By Elizabeth Muster
When I was hired as F.T. Burns Middle School’s library media specialist in the spring of 2016, one of my first tasks was to decide whether to continue the One School, One Book program that the librarian before me had implemented.
If you are unfamiliar with this initiative, readtothem.org is a great place to start, but basically every student and staff member reads the same book at the same time. Our past selections have included Ben Mikaelson’s “Touching Spirit Bear,” Margaret McMullen’s “How I Found the Strong,” Rick Riordan’s “The Lightning Thief,” Cynthia Lord’s “Rules,” Tony Abbott’s “Firegirl,” Sean Covey’s “7 Habits of Highly Effective Teens,” and Gary Paulsen’s “Woodsrunner” and “Road Trip.”
According to a SurveyMonkey poll, 75 percent of our faculty supported the program’s continuation because it fosters literacy and community throughout our school of 835 6th-, 7th- and 8th-graders. Choosing a book with a valuable central theme that appeals to the majority of our students – who cover the Lexile scale – can be extremely difficult, but I knew just the book I would recommend.
A month earlier, one of my 6th-grade English language arts students had enthusiastically handed me her copy of “Saving Wonder” by Mary Knight. One afternoon during spring break, I opened the first chapter titled “C” for “conundrum” and didn’t stop until the last chapter, “Y” for “yes.” In each chapter, the main character, Curley Hines, is given a word by his grandpa to study for two weeks. Some of the words are simple and straightforward, while other are more complex and cause Curley to examine both the word’s meaning and his life’s purpose as he and his best friend (maybe girlfriend) Jules protest against a coal mining company wanting to level the top of Red Hawk Mountain. The characters were relatable, the descriptions of the Appalachians of Eastern Kentucky were beautiful and the themes were relevant to my middle school students.
Over the summer, I formed a committee of eight teachers from across content areas and grade levels to help me make the final selection and to create a One Book, One School reading schedule. Besides “Saving Wonder,” we also read a science fiction young adult choice and an autobiography. We decided on “Saving Wonder” because it strongly correlated with our schoolwide leadership theme for the 2016-17 school year: “Stand.” Also, the length and the reading level were suitable for our students and our time frame.
Choosing a book can be a difficult decision to make, because the goals of the program must be weighed against loss of instructional time. We determined that teachers from every content area would read aloud a chapter a day to students, rotating through our six class periods over the course of four weeks.
Next, I emailed author Mary Knight through her website and introduced her to our school, our program and myself. The author could not have been more supportive or enthusiastic, and she put me in contact with Michelle Campbell of Scholastic books. With our bulk order and an author-visit discount, the price of each book came in just under the $5 One Book fee we collected from students at the beginning of the school year.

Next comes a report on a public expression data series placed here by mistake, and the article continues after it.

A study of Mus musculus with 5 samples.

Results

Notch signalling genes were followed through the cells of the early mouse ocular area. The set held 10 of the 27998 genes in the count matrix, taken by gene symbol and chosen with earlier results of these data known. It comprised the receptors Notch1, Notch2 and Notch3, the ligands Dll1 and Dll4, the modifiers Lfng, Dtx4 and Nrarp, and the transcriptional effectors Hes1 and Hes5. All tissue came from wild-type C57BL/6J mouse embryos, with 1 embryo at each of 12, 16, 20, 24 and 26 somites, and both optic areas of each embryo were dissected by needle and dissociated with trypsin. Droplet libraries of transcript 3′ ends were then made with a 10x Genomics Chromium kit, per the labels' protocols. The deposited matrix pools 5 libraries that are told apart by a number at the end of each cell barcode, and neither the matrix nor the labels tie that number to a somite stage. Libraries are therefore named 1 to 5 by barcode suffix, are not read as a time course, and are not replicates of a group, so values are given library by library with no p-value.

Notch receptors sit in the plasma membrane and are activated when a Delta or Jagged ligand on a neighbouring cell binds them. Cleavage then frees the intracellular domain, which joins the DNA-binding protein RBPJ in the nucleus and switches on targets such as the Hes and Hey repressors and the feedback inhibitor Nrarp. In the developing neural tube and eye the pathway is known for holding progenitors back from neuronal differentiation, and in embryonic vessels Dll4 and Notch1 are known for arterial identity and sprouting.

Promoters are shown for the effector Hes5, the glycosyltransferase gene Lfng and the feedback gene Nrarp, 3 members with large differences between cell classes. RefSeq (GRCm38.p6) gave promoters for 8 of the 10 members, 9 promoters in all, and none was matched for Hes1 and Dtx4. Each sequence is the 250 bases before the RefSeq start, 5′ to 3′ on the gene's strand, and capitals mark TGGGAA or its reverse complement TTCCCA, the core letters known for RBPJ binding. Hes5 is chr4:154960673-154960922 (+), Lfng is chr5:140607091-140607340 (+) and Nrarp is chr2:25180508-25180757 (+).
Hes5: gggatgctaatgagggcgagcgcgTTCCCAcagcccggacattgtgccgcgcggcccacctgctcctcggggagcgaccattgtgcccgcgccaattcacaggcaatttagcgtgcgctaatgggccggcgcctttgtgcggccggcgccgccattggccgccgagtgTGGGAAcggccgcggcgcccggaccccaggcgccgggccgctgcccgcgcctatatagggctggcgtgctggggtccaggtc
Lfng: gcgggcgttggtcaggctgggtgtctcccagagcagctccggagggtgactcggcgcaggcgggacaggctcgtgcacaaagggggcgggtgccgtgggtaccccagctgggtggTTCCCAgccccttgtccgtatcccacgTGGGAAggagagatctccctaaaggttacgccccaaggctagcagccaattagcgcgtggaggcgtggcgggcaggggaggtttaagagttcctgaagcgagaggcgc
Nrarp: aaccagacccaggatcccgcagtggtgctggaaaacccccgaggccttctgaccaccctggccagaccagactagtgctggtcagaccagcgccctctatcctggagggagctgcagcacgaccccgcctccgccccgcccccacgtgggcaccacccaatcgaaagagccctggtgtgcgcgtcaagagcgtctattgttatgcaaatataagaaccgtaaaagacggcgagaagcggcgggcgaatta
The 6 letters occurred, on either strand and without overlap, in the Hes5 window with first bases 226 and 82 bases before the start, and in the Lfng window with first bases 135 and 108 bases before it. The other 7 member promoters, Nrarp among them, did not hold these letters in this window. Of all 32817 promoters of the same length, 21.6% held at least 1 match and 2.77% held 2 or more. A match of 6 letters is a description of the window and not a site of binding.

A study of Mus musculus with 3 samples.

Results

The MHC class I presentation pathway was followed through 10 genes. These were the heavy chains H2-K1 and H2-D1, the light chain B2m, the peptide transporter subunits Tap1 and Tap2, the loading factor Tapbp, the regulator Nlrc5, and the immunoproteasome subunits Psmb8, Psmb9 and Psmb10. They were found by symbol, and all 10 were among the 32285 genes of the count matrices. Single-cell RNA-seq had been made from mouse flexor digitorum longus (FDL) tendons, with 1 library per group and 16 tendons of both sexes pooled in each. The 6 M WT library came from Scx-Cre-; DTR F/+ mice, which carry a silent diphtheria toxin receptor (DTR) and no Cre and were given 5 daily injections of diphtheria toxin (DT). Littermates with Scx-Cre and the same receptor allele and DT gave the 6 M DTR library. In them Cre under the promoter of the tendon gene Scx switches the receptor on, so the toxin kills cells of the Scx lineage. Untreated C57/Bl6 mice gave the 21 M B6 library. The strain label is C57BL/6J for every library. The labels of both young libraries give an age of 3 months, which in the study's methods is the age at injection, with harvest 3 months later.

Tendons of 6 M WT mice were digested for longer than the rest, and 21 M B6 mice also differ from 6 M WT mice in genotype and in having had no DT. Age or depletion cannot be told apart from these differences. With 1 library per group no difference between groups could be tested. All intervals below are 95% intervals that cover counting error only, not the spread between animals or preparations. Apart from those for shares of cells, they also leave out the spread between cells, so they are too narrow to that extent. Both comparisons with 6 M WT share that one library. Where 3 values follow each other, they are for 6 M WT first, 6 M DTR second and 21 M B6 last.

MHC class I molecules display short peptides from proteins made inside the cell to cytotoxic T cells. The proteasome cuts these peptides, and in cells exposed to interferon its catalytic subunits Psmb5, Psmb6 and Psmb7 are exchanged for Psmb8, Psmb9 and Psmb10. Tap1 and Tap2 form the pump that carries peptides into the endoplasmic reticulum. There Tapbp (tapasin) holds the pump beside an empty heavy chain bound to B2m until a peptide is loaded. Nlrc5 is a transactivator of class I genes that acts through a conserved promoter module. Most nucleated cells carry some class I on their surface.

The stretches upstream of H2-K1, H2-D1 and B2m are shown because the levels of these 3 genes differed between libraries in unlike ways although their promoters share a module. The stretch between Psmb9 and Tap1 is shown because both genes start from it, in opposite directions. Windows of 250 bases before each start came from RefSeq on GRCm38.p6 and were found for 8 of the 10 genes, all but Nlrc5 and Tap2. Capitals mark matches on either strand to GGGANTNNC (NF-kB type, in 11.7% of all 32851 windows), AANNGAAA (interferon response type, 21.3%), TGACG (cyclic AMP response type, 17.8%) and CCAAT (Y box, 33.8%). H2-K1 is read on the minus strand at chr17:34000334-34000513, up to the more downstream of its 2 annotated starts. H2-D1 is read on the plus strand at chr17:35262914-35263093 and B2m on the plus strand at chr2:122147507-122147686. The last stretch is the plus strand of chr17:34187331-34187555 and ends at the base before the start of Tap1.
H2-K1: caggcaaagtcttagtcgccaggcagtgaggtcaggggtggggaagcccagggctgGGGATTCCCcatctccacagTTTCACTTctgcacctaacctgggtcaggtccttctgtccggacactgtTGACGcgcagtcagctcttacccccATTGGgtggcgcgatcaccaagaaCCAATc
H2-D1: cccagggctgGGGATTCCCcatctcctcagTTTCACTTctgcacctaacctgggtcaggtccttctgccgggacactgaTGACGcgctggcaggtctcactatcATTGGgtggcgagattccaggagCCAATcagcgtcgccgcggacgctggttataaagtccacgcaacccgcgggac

Knight developed questions for teachers to implement in leadership classes on Tuesdays and Thursdays. Plus, she shared a project with us that all students participated in during their practical arts classes upon completion of the novel. Every student decorated a paper plate with pictures hand-drawn, cut from magazines or printed from the computer representing what he or she stands for. On the back, students wrote a corresponding poem. Many of these now adorn the windows of our library media center.
The One-Book reading quickly engaged students, faculty and staff throughout our school. One of my 7th-grade library workers read his copy of the book the day he received it. During designated reading times, I strolled the halls finding students listening intently to their teachers reading aloud or engaging in discussions. “Saving Wonder” became part of our schoolwide culture, as custodians and lunchroom staff received copies as well.
The author visit served as our culminating activity for the One Book, One School program. Students attended hour-long sessions during their language arts classes, allowing Knight to address groups of approximately 150 students. For the first 20 minutes, she shared a PowerPoint about the power of words and what “Saving Wonder” stands for. It correlated perfectly with our schoolwide theme. At the end, she signed books for students. A few still proudly carry their autographed copies in their trappers.
Knight stayed for two days to allow for breaks between presentations. On the second day, 25 students and a few faculty members ate lunch in the library with her for a more personal setting. These students were my library workers, members of the library leadership team and contestants for a “Saving Wonder” writing contest sponsored by the writing leadership team. During her time in Owensboro, Knight also presented at the Daviess County Public Library and ate dinner with aspiring writers.
The author visit garnered great press coverage for our school, but the enthusiasm of our students and the respect they showed Knight was the best part of all. If you would like more details on our One School, One Book program at F.T. Burns Middle School, you may email me at firstname.lastname@example.org. For more information on “Saving Wonder,” Mary Knight and her author visits, visit Scholastic.com.
First as an English language arts teacher and now as the library media specialist, Elizabeth Muster has shared her love of literature with the students of F.T. Burns Middle School in Daviess County for 15 years. She also enjoys reading to her 14-month-old daughter, Maddie Grace, and writing for Owensboro Living and Owensboro Parent magazines.